I recently binged the PBS Masterpiece series “The Durrells in Corfu” over the past couple of months, and I thoroughly enjoyed the series. It’s a period piece set just before World War II that centers on a widow, Louisa Durrell, who moves herself and her four children to the Greek island of Corfu 8 years after the death of her husband. It’s televised adaptation of The Corfu Trilogy written by Gerald Durrell, famed British conservationist. Louisa is the mother of 4 children: two young adult boys — Larry and Leslie, a teenage daughter — Margot, and a pre-pre-teen son — Gerald, or Gerry. I was inspired by the kind of mother Louisa was to her children. While they initially appeared as spoiled little shits, Louisa gradually gained her own footing and began making more appropriate demands of them, and they all became truly helpful in later seasons.
Her oldest son, Larry, is a bohemian writer who authors books that are highly sexual and ever-so scandalous. Her tolerance of his discussion and ponderings on sexuality and the overall acceptance of his personality and writing by the whole family feels so natural though not effortless. She respects his autonomy, and as adult and as a mother of children on the cusp of their tweens, I find her viewpoint refreshing. She understands the natural surge of desires and was only supportive. She helps her daughter Margo navigate romances and her feministic tendencies. She never imposes shame upon her dalliances and is open to answering questions, no matter how cringey. When her second son Leslie, impregnates a girlfriend at age 19, Louisa only, ONLY, offers support. She supported his decision to not marry the young woman out of obligation, but makes her family a safeguard of love and affection for the child. She ensures his financial support of the child and promises her help to them both in raising the child. Even when the baby turned out to not be Leslie’s baby, he and Louisa both continued their support of Daphne and the baby, with Leslie even becoming the baby’s godfather. While all of this feels maybe normal now, this would absolutely NOT have been the case in the 1930s.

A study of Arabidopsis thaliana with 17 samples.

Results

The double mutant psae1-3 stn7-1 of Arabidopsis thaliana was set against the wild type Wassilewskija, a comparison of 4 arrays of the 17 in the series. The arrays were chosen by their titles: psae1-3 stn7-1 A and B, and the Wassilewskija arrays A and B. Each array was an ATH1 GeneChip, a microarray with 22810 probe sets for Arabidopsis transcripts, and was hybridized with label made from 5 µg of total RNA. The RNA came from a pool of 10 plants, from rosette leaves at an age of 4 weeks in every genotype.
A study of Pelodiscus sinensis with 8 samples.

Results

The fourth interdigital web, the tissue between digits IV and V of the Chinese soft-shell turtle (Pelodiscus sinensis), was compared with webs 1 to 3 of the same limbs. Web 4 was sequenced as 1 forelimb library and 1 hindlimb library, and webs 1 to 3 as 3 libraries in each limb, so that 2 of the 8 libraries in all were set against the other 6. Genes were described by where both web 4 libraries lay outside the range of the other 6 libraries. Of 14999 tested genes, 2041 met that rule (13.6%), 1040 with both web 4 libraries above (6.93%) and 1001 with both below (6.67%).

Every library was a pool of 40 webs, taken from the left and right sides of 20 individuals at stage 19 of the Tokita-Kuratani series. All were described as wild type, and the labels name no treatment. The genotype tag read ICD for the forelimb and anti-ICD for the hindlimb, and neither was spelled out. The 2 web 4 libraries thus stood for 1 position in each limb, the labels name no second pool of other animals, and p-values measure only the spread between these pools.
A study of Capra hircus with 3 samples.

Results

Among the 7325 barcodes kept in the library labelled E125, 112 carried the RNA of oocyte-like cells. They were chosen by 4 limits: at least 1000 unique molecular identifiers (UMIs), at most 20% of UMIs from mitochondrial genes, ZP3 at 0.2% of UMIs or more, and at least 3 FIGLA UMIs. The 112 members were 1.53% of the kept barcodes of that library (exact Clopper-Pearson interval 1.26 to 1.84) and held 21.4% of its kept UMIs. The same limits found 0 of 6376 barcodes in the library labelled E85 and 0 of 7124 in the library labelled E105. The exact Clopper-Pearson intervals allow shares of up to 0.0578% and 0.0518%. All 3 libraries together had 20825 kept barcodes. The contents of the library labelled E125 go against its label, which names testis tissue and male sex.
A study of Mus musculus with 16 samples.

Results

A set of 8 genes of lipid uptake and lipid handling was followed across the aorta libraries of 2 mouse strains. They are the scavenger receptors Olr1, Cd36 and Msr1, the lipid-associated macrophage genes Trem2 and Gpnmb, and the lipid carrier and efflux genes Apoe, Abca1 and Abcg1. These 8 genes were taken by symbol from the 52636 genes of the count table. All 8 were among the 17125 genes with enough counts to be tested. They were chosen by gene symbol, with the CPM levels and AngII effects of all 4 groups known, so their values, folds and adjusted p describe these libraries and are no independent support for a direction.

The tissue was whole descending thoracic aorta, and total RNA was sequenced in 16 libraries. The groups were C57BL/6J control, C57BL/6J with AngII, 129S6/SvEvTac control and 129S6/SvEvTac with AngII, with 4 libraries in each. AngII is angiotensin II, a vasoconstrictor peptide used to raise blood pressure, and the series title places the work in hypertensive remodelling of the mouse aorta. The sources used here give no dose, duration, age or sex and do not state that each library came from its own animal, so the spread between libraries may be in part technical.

Another aspect that touched my heart was Louisa’s constant conflict over the education of her youngest son Gerry, who is a roaming animal lover and somewhat feral child. She battles back and forth over employing formal education versus letting Gerry explore and experience more incidental learning with his naturalist mentor Theo. Often, his education on the island was more of a mixture, which led to Gerald Durrell’s success as one of Britain’s leading naturalists, zookeepers, conservationists, and television hosts.
Then there were Louisa’s own loves. Her children watched her protect a homosexual friend, and eventually deny her own great love of Spiro out of respect for his desire to remain married. Her romantic feelings for others were often a source of amusement with her older children, who truly desired for their mother to be loved again. They respected her decisions and were safehavens in heartbreak.
At the end of the series, Louisa takes responsibility for her family yet again, by returning them home to Britain before the Nazi invasion of Greece. I am finding it difficult to move my family to a different home in the same town. Her bravery in relocating not once but twice shows the real grit behind heroic motherhood.